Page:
In a women’s Bible study group that I go to, we recently discussed how God is infinite and we are created with limits. In Jen Wilken’s book titled None Like Him: 10 ways God is Different From Us (and why that’s a good thing), she devotes the whole first chapter to this characteristic of God. My mind is wired to think of the human body and how it was created in any given conversation, so naturally in discussing how we should understand our limits, I jumped to thinking about the way our bodies were made and what does that mean practically for us.
Understanding how God has created us is crucial to understanding how to live healthfully. Take sleep, for example. God made our bodies to need it, and when sleep is off–when we try to ignore this limit we have as humans–it effects our state of health. Eating usually works the same way. God created our bodies to need food. When we don’t eat enough food, or when we eat too much food, our bodies respond in a way that deviates from a state of optimal health. Our bodies were also created to move, not to be sedentary. It is amazing how we can push our limits to exceed what seems to be humanly possible, but Olympians do it all the time. However, reality is that bodies break down and ultimately have limitations.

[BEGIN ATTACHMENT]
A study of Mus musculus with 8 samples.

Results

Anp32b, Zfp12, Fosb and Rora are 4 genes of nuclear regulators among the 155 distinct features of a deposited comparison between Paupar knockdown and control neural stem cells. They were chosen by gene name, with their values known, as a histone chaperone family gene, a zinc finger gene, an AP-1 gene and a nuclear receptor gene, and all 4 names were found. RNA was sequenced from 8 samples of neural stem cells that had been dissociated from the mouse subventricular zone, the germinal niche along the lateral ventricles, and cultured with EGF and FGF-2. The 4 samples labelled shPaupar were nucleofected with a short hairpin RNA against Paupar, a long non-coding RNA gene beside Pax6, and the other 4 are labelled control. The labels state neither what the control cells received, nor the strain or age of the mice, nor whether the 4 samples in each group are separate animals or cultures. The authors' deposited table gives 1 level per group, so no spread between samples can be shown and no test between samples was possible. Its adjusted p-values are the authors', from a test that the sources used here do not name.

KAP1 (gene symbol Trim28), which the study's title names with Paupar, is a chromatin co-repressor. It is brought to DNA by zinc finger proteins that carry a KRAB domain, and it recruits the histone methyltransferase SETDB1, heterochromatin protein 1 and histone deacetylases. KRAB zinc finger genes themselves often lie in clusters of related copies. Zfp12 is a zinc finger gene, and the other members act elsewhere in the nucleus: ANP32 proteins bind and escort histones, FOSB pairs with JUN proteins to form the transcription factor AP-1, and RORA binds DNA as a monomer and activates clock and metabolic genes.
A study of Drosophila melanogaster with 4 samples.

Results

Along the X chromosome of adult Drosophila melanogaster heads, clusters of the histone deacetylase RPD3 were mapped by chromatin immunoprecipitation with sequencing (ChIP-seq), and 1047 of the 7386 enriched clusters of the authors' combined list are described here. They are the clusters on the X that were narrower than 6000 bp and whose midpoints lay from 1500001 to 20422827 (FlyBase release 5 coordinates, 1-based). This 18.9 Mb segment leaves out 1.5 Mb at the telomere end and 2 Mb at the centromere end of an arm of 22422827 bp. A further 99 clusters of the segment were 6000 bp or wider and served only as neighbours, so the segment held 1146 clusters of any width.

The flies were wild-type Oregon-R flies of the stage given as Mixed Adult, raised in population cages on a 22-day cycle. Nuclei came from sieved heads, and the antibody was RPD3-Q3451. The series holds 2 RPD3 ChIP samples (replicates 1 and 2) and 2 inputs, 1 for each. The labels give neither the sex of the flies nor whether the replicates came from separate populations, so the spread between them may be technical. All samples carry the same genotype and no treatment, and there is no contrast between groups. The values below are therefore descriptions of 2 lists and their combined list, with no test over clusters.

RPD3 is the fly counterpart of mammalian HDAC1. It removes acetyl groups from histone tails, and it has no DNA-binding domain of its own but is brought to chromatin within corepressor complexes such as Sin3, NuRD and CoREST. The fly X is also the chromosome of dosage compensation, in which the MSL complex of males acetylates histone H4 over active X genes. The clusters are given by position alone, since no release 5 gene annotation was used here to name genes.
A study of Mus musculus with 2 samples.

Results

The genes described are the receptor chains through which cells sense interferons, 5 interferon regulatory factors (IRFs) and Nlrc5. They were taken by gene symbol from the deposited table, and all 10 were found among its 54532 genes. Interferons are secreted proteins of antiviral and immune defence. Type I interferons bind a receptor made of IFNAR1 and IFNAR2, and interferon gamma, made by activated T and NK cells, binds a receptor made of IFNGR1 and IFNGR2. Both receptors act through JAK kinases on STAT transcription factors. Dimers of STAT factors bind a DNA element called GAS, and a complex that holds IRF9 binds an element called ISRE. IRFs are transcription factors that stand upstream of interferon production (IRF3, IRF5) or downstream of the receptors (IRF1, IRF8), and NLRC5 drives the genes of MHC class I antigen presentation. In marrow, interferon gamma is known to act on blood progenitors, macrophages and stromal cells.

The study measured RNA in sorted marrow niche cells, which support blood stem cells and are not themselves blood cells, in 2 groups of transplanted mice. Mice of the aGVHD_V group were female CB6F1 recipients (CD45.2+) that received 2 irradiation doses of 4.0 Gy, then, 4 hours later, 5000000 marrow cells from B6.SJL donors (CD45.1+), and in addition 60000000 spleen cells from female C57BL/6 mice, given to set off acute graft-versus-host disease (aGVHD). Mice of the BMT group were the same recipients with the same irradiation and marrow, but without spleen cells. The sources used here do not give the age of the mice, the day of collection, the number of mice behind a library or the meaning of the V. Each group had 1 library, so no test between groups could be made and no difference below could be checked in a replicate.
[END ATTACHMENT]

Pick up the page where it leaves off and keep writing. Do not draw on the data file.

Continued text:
Our whole lives as Christ-followers are to be given over to the identification and celebration of the limits God has ordained for us. He lovingly teaches them to us through his Word, through trials, through discipline. He humbles us through these means to remind us that we are not him, nor is anyone or anything else we know.
Jen Wilken, None Like Him
We don’t like to think we have limits, but those limits actually allow us to be more free. My husband reminded me of this illustration: if a goldfish is out of water because he wants to be free from the confines of his bowl, he will die. But when the fish is in the environment he was created to live in, he can swim freely and live. When we submit to our Creator and live within the limits that he has given us, we have the ability to thrive! Unfortunately, I don’t like to be told how to live –even if it’s coming from the infinite and eternal Creator of the universe. However, to try to fight against him and the limits he has given would be foolish and futile because who can know the mind of an infinite God?? Who am I to try to defy the parameters he lovingly put into my life? Who am I to think that I can eat as much as I want to eat, sleep as little as I want to sleep, exercise only when I feel like it, and then still expect to thrive physically? David writes in Psalm 139 that we are fearfully and wonderfully made and therefore shouts praise to his God, his Maker. I want to celebrate — like David did and like Wilken writes about–my human limitations by living in a way that I was created to live and by giving our eternal and infinite God praise while doing so. I want to thrive like that little fish, don’t you?